07/31/2008 11:00PM

Sprinting to be the focus for Margo's Gift


Margo's Gift contested the first three stakes for 3-year-olds at the meeting and ran very well in two sprints. He was a close third behind Fear No Evil and Gallon in the six- furlong Auburn Stakes, then won the 6 1/2-furlong Pepsi Cola Handicap in a three-way photo over Easy Going Cecil and Gallon.

Margo's Gift came back to be a well-beaten third behind Gallon and Fear No Evil in the one-mile Tacoma Handicap, however, and he was subsequently beaten 4 1/2 lengths by Fear No Evil in a one-mile allowance on July 19.

In the wake of that defeat, trainer Doris Harwood decided to go in another direction with Margo's Gift.

"I turned him out after the allowance race, but I'll bring him back for one last route in the restricted stakes on Washington Cup Day," said Harwood, referring to the one- mile Trooper Seven Stakes for Washington-breds on Sept. 14. "After that, he is going to be a sprinter. I want to let him do what he does best."

Harwood didn't nominate Margo's Gift to Sunday's $60,000 Seattle Slew Handicap at 1 1/16 miles, which left Gallon and Fear No Evil as the co-highweights at 119 pounds apiece. The identical imposts are appropriate, because Gallon and Fear No Evil are almost impossible to separate after trading close decisions in the Auburn and Tacoma. There is one difference. Fear No Evil has had a race since the June 29 Tacoma and Gallon has not.

"I actually prefer to run my stakes horses about once a month, but that mile allowance race came up with a short field and I couldn't resist," said Frank Lucarelli, who trains Fear No Evil for owners Chris and Dianna Randall. "I was impressed by the way he ran, and the effort didn't seem to set him back at all. He is doing fabulous."

Lucarelli admits that he wasn't always impressed with Fear No Evil, a Kentucky-bred son of Trust N Luck who was purchased for $15,000 as a yearling. Even after Fear No Evil won the Auburn, the trainer questioned his quality.

"I think I entered him twice for a $40,000 tag, but the races didn't fill," said Lucarelli. "He has run a lot better than I expected, both in the Tacoma and in the allowance race. He proved me wrong, and I'm happy that he did."

Gallon was also eligible for the wide-open allowance race that Fear No Evil won on July 19, but trainer Jim Penney elected to withhold him.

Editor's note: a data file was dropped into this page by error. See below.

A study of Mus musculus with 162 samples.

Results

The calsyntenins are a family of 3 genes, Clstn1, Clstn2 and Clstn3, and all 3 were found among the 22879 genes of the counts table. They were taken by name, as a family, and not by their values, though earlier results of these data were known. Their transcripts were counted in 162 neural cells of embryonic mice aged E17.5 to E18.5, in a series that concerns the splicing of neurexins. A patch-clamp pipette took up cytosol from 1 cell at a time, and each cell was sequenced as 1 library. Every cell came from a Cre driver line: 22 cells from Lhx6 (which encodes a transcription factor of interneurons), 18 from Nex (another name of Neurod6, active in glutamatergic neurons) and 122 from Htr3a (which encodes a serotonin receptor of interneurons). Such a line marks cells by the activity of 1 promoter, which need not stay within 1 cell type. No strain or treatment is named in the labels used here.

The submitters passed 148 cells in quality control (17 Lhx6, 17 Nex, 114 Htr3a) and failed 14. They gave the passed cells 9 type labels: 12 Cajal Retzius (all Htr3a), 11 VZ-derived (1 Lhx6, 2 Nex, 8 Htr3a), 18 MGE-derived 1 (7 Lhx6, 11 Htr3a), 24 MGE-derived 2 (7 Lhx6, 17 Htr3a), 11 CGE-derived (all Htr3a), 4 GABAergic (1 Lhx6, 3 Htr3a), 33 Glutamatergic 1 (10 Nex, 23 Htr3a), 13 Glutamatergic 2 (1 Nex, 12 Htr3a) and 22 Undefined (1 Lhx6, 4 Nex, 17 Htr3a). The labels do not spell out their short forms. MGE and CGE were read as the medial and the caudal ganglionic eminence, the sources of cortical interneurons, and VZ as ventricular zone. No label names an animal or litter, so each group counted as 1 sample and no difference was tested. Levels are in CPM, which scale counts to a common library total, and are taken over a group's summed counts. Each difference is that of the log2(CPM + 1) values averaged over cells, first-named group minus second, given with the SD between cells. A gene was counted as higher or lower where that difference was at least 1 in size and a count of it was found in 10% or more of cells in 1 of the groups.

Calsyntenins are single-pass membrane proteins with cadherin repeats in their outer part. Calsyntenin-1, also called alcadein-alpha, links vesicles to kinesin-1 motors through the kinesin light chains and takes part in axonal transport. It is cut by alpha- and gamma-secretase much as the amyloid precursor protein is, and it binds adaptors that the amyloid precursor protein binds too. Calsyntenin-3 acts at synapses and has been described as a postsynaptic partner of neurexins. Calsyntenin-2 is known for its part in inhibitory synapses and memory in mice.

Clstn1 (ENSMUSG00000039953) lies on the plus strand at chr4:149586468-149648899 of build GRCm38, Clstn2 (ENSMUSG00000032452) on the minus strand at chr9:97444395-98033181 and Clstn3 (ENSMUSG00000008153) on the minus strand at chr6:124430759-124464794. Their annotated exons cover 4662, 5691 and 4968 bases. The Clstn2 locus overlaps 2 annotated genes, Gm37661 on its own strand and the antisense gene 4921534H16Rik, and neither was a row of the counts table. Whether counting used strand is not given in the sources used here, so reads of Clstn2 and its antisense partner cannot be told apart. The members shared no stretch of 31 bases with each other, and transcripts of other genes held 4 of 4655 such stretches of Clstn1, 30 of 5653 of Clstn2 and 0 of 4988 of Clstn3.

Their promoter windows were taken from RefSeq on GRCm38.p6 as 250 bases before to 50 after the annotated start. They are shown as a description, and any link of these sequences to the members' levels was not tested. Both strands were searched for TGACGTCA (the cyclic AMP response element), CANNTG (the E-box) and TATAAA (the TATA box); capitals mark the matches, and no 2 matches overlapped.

"We just felt he would benefit more from getting a little rest," said assistant trainer Kay Cooper. "I'm not sure if running in that race will help Fear No Evil, but I'm pretty sure that skipping it helped Gallon. He packed on a few pounds, which he needed to do, and he will be coming into this race fresh. We're really very pleased with how he is doing."

Despite her satisfaction with Gallon's condition, Cooper is anticipating another tough race.

"Fear No Evil is a very nice horse, and it will be tough to beat him," she said. "Gallon was all out to get to him last time, and he barely did. I don't see any reason to expect this race to be different. These two horses are very evenly matched."

Ross high on Anotation

The wild card in the Seattle Slew field is Anotation, who will be making his stakes debut after posting back-to-back wins over $30,000 maidens at 6 1/2 furlongs and allowance rivals at a mile. Those were just the second and third starts for Anotation, a son of Memo and Anazeha who is trained by Sharon Ross for owners Leonard and Randy Weber.

Ross recalled that Anazeha was the first horse that she and her husband, Larry Ross, imported from Chile for owner Rick Beal. The Rosses and Beal have subsequently imported multiple stakes winner Ema Bovary, multiple winner Zona de Impacto, and the current 3-year-old Creme.

"Anazeha was a nice sprinter for Rick, and after she retired the people we bought her from recommended that we breed her to Memo," said Ross. "By the time Anotation was ready to go into training, though, Rick was cutting back on his stock. We contacted the Webers, who had been partners on Chum Salmon way back when, and we told them this horse was for sale. They were game, and I'm really happy that he seems to be working out for them."

Ross said she loved Anotation from the very beginning, though she didn't get him started until this year.

"He was in training last year, but his knees were open and we didn't get to run him," she said. "Everyone who got on him just raved about him, though. He is a really smart colt, and very classy. He did everything right from the beginning, and he was always cool as a cucumber. I've had horses who could run a lot, but were high maintenance. I prefer the ones with class, and this one has class."

* John Orecchio of Arlington Heights, Ill., won last weekend's Ultimate Qualifying Tournament at Emerald, earning a top prize of $20,000 and an expense paid trip to the 2009 Daily Racing Form/NTRA National Handicapping Championship in Las Vegas. Nine of the 400 contestants qualified for the national tournament, but only two were from the Puget Sound area.